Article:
Rhea Suh became president of NRDC in January 2015, leading the nearly 500 scientists, attorneys, and policy experts that make NRDC one of the country’s most effective environmental action organizations.
Powered by the support of more than two million members and activists, NRDC creates solutions and enforces laws that preserve clean air and water, open spaces, public lands, and healthy communities for all Americans, regardless of income, ethnic heritage, or race.
Under her leadership, NRDC has helped steer high-level discussions that led to the historic global climate agreement in Paris; joined the citizens of Flint, Michigan, to ensure an end to the city’s toxic drinking water crisis; and stood united with a sea of social justice advocates as a presenting partner at the Women’s March on Washington, D.C.
Before joining NRDC, Suh served as the assistant secretary for policy, management, and budget at the U.S. Department of the Interior. She was nominated for the position by President Barack Obama and confirmed by the Senate in 2009. Suh led several cross-cutting initiatives at the department on federal land conservation, climate adaptation, international affairs, and youth programs. She was instrumental in launching a complex reorganization of the agency responsible for offshore oil and gas oversight in the midst of the Deepwater Horizon oil spill. She also spearheaded the creation of the department’s first chief diversity officer position.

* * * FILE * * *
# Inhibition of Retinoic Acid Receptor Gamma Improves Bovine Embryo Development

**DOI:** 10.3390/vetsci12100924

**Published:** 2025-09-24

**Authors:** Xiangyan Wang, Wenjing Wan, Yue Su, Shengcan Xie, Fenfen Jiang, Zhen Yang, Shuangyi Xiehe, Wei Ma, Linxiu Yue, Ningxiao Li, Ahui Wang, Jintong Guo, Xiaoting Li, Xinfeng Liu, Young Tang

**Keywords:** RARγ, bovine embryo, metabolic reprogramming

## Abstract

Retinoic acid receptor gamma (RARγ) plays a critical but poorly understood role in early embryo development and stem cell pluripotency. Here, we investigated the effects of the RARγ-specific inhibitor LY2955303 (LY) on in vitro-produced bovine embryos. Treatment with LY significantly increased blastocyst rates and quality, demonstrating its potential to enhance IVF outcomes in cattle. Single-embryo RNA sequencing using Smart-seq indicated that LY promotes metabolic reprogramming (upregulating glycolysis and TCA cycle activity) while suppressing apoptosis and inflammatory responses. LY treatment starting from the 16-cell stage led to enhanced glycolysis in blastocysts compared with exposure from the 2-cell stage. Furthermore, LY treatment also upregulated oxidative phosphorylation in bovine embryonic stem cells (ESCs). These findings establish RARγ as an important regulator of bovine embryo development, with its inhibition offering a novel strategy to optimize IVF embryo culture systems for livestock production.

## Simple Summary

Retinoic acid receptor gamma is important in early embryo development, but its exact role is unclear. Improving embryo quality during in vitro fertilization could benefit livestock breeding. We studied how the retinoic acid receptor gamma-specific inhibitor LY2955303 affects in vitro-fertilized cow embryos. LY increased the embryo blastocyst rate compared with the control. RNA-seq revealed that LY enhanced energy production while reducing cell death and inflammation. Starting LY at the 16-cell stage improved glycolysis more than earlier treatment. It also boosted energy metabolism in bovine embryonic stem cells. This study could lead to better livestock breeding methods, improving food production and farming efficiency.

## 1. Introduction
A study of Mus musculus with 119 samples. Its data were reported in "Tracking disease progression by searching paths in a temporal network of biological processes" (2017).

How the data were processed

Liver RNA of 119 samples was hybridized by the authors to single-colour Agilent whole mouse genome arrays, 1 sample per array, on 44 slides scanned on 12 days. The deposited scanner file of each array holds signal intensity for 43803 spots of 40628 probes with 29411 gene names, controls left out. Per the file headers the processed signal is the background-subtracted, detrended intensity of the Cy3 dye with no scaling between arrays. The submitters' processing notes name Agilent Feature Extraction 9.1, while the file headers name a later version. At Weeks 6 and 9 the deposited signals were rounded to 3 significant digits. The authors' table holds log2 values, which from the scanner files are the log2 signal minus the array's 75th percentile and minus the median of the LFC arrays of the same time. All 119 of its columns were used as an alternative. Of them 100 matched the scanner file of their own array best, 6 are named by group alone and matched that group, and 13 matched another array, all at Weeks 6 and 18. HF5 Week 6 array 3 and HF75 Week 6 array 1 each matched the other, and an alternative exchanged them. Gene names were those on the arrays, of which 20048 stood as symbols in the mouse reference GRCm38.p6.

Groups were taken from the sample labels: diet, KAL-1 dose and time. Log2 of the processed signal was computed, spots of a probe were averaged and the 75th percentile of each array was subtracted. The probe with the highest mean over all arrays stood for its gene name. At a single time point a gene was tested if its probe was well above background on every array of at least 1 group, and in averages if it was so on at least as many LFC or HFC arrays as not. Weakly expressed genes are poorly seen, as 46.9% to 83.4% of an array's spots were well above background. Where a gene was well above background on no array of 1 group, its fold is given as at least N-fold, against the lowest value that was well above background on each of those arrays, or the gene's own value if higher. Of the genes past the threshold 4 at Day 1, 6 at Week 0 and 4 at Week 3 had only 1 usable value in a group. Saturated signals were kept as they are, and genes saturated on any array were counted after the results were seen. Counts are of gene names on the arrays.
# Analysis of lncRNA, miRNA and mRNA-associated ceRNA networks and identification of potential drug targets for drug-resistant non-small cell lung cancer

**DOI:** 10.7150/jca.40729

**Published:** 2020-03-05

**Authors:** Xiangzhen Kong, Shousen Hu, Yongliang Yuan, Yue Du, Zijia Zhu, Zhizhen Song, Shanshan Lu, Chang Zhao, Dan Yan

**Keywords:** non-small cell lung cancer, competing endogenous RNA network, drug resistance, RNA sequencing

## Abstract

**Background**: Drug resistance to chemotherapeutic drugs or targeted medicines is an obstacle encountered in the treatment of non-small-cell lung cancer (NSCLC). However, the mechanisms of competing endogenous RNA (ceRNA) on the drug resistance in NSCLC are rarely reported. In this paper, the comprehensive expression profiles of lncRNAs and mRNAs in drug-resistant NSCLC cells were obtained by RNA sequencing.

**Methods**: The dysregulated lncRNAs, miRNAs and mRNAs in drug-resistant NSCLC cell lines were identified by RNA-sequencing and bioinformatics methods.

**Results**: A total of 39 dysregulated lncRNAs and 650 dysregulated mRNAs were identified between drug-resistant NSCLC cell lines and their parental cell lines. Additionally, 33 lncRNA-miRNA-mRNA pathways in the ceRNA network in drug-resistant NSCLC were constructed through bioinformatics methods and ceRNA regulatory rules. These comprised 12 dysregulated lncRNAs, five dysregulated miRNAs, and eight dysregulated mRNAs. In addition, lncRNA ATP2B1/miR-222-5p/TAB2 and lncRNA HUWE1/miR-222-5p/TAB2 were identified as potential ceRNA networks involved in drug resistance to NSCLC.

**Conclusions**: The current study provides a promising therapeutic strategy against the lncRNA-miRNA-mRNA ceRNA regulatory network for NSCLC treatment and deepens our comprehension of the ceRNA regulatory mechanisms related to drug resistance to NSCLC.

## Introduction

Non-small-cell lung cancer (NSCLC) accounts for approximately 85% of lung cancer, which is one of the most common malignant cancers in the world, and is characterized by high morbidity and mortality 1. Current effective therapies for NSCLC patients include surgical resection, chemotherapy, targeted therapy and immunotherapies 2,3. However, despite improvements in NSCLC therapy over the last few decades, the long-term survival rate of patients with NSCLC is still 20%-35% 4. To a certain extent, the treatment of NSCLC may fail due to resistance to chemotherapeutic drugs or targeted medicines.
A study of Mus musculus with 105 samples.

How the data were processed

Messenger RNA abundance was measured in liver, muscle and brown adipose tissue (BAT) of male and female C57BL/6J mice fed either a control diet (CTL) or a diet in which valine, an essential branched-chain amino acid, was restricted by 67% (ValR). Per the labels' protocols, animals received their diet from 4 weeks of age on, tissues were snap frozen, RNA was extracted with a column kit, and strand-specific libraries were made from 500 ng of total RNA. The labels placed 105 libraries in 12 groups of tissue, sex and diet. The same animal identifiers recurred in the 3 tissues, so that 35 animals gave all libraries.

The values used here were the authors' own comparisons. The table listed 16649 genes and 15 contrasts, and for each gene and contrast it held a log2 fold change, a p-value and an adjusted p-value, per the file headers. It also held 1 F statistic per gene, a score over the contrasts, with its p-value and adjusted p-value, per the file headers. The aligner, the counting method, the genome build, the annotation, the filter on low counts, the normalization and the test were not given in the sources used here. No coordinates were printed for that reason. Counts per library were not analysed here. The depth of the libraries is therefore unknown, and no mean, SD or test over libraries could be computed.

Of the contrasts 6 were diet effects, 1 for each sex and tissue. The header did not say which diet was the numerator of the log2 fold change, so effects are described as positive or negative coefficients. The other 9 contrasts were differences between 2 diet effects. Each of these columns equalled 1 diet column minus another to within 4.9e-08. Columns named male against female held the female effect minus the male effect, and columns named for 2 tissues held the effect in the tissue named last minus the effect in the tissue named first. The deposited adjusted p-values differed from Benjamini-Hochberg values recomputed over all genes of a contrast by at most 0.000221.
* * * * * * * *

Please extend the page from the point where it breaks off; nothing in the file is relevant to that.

Prior to her appointment to the Interior Department, Suh worked at the David and Lucile Packard Foundation, where she created and managed a $200 million program dedicated to environmental conservation and clean energy in the West. She developed the foundation’s strategy for reducing climate change emissions from deforestation and forest degradation. She also established the first-ever collaboration among nonprofits to coordinate conservation efforts across the Colorado River Basin—from the headwaters in Colorado to the delta in Mexico.
Suh developed similarly far-reaching programs at the William and Flora Hewlett Foundation. While there, she designed the foundation’s clean energy and climate change initiative, and led the effort to create the Great Bear Rainforest, one of the most successful land-protection campaigns in North America. She also launched a portfolio designed to focus on environmental issues for underserved populations in the United States.
Suh earned her bachelor’s degree in environmental science from Barnard College and received a Fulbright Fellowship to research environmental movements in Seoul. She returned to the States and worked as a senior legislative assistant for Senator Ben Nighthorse Campbell, then earned a master's degree in education, administration, planning, and social policy from Harvard University.
With her expertise in environmental and public health solutions, Suh is a media commentator making frequent appearances in the New York Times, Washington Post, MSNBC, NPR, and other outlets.